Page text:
Palace teases ‘major changes’ in gov’t COVID-19 response
MANILA, Philippines — The Philippines will see “major changes” in the government’s coronavirus disease (COVID-19) response, Malacañang said Wednesday as the number of coronavirus infections nationwide continues to rise.
According to Presidential spokesperson Harry Roque, the changes refer to “massive, massive” testing, “reintegrated” contact tracing, and creation of “more and more” isolation facilities.
“Massive, massive targeted testing involving pooled testing that would multiply our testing (capacity) by at least ten (fold). And that would reduce the cost of PCR testing to as low as P300 per person,” Roque told CNN Philippines’ The Source when asked to elaborate on COVID-19 measures the government intends to impose.
Under the pooled testing method, swab samples of multiple individuals will be put into a single RT-PCR test. If a positive result came back, further individual assessments will be made to ascertain which specimen is infected with the coronavirus. Meanwhile, if the swab tests come back negative, then individual testing will no longer be needed.
To further beef up contact tracing efforts, Roque bared the government will create an “army of volunteers” to be trained by Training Czar and Baguio City Mayor Benjamin Magalong.
“We would not rely on the individuals who are paid to become tracers, we’re going to build an army of volunteers courtesy of training materials to be provided by Mayor Magalong so that we can intensify tracing and hopefully do like what Vietnam and Thailand did of up to third-degree of tracing,” Roque said.
As for the quarantine efforts, the Palace official said Isolation Czar and Public Works Secretary Mark Villar “has committed to building more and more isolation facilities.”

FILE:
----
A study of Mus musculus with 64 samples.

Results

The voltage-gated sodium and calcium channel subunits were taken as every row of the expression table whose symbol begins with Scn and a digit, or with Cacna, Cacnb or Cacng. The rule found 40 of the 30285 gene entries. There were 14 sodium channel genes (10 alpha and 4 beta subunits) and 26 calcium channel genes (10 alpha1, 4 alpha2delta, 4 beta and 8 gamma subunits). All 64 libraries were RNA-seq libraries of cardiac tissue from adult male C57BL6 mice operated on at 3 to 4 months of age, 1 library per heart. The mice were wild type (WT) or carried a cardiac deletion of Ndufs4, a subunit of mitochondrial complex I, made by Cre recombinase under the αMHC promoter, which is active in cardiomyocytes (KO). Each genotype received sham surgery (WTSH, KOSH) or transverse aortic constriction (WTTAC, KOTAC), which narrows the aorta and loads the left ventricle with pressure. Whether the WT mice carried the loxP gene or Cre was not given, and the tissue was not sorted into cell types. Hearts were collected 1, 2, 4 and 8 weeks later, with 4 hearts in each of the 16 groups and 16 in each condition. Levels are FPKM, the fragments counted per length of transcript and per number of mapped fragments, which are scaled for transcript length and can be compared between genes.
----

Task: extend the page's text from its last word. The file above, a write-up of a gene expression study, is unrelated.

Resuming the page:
A drug rehabilitation facility in Nueva Ecija will also be converted into a temporary treatment and quarantine site for COVID-19 patients.
Meanwhile, the government also intends to establish a referral network between hospitals in Metro Manila and neighboring regions in case COVID-19 beds in the metropolis hit the critical level.
“If hospital beds in Metro Manila are at critical levels, we will tap even the bed capacity of the neighboring Region III or Region IV-! to refer patients to these vacant isolation and ICU beds,” Roque said.
The Department of Health earlier warned that the country’s health system is “close to being overwhelmed,” as hospitals, particularly in Metro Manila and Calabarzon (Cavite, Laguna, Batangas, Rizal, and Quezon) are running out of beds for COVID-19 patients.
The Inter-Agency Task Force (IATF) for the Management of Emerging Infectious Diseases met on Tuesday to discuss the recommendations for the new quarantine measures to be imposed on August 1.
President Rodrigo Duterte is set to announce the classifications on Thursday, Roque said.
The Inquirer Foundation supports our healthcare frontliners and is still accepting cash donations to be deposited at Banco de Oro (BDO) current account #007960018860 or donate through PayMaya using this link.